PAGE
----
US urges ICJ not to order Israel out of illegally occupied Palestinian lands

US urges ICJ not to order Israel out of illegally occupied Palestinian lands
During the ICJ hearing, the US told the court that Israel should not be forced to end its illegal occupation of Palestinian land.
3 min read
21 February, 2024
Legal advisor to the US state department Richard Visek has urged the ICJ not to legally rule against Israel's occupation of Palestinian land [Getty]

The United States told the UN's top court on Wednesday that Israel should not be legally forced to withdraw from occupied Palestinian territory without security guarantees.

The International Court of Justice is holding a week of hearings after a request from the United Nations, with an unprecedented 52 countries giving their views on Israel's illegal occupation.

Most speakers have demanded that Israel end its occupation, which came after a six-day Arab-Israeli war in 1967, but Washington came to its ally's defence at the court.

"The court should not find that Israel is legally obligated to immediately and unconditionally withdraw from occupied territory," said Richard Visek, legal advisor at the US State Department.

"Any movement towards Israel withdrawal from the West Bank and Gaza requires consideration of Israel's very real security needs," he argued.

"We were all reminded of those security needs on October 7," he said, referring to the Hamas attacks that sparked the current conflict.

The UN has asked the ICJ to hand down an "advisory opinion" on the "legal consequences arising from the policies and practices of Israel in the Occupied Palestinian Territory, including East Jerusalem".

The court will probably deliver its opinion before the end of the year, but it is not binding on anyone.

Palestinian Foreign Minister Riyad al-Maliki told reporters after the US statement: "I expected much more. I didn't hear anything new."

Washington has been insisting that the Israel-Palestinian conflict be addressed in "other fora and not here", Al-Maliki said.

"Well, we tried other fora for the last 75 years and we confronted the US veto and the US hegemony over decision-making processes within the UN system," he said.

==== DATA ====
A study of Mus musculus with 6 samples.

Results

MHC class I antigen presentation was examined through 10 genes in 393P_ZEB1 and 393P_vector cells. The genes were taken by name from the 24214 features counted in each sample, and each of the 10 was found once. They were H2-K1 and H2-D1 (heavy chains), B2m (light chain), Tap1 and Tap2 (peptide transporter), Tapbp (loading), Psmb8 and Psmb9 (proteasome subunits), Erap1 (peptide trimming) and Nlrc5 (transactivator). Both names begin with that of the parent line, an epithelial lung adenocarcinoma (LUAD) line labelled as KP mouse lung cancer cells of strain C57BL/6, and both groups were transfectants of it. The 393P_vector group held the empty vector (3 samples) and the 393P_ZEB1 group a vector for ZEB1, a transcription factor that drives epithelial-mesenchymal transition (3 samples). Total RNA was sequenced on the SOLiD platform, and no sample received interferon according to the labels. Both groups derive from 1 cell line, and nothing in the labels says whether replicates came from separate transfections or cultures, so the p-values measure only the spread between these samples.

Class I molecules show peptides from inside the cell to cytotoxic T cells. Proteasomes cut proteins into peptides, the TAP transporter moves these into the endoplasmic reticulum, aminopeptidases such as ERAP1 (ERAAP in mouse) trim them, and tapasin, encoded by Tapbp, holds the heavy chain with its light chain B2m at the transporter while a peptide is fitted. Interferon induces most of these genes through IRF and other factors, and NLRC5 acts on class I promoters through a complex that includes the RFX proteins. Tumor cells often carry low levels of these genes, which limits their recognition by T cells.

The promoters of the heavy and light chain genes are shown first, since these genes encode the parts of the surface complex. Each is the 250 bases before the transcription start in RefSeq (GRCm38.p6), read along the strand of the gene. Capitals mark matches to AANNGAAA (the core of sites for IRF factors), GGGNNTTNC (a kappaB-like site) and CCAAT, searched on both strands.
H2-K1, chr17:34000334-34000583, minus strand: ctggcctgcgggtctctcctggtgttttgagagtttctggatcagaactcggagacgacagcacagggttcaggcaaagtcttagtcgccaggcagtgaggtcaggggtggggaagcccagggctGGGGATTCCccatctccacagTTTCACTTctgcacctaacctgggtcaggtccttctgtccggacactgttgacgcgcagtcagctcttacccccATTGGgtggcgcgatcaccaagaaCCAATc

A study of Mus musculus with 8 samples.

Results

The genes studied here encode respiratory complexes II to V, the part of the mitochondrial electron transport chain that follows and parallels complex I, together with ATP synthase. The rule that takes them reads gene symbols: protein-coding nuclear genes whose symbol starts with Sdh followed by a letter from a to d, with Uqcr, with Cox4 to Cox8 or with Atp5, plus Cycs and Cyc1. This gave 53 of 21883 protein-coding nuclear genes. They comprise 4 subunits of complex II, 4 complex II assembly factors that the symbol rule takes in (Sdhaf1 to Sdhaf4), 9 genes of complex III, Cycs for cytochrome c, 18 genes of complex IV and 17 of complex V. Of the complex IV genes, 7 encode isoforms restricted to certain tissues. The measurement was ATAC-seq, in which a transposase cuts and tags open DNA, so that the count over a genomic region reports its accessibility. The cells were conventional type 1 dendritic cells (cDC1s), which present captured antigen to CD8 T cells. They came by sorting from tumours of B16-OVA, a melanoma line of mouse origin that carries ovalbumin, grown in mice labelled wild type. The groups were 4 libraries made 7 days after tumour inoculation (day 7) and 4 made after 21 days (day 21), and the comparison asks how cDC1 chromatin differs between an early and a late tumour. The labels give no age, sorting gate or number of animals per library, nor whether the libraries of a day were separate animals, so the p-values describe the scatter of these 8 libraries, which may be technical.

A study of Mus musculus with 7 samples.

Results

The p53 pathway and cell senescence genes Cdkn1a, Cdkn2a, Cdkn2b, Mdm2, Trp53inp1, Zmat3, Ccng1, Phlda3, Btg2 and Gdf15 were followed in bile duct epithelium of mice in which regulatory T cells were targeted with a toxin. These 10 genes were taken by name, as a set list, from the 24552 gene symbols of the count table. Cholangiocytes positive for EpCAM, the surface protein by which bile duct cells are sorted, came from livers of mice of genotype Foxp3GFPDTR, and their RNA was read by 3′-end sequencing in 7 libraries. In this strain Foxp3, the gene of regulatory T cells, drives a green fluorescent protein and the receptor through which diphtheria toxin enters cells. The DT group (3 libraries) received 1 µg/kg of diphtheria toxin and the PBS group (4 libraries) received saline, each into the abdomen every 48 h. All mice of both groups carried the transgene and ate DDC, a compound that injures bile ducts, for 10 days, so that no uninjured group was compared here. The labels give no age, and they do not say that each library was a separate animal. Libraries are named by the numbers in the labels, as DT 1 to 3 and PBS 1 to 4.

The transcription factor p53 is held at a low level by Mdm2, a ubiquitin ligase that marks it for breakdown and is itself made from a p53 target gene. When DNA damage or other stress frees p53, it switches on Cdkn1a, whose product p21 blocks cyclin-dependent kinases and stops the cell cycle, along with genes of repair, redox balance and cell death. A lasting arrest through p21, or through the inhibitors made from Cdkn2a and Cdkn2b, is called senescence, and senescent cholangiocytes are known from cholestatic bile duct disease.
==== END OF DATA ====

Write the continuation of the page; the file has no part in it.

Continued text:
"And that's why we came to the ICJ."

Israel is not taking part in the oral hearings, but submitted a written contribution in which it described the questions the court had been asked as "prejudicial" and "tendentious".


The 7 October attacks and the ongoing violence in the Gaza Strip "reinforce the United States' resolve to urgently achieve a final peace", Visek said.

Also speaking Wednesday, the representative from Egypt, which has played a key role in talks between Israel and the Palestinians, said the occupation was "a continued violation of international law".

"The consequences of Israel's prolonged occupation are clear and there can be no peace, no stability, no prosperity without upholding the rule of law," foreign ministry legal advisor Jasmine Moussa said.

The hearings began Monday with three hours of testimony from Palestinian officials, who accused the Israeli occupiers of running a system of "colonialism and apartheid".


South Africa's ambassador to the Netherlands told the court that Israel's policies were "more extreme" than the apartheid black South Africans suffered before 1994.

The case is separate from a high-profile case brought by Pretoria against Israel for alleged genocide during its current offensive in Gaza.

In that case, the ICJ ruled that Israel should do everything in its power to prevent genocidal acts in Gaza and allow in humanitarian aid.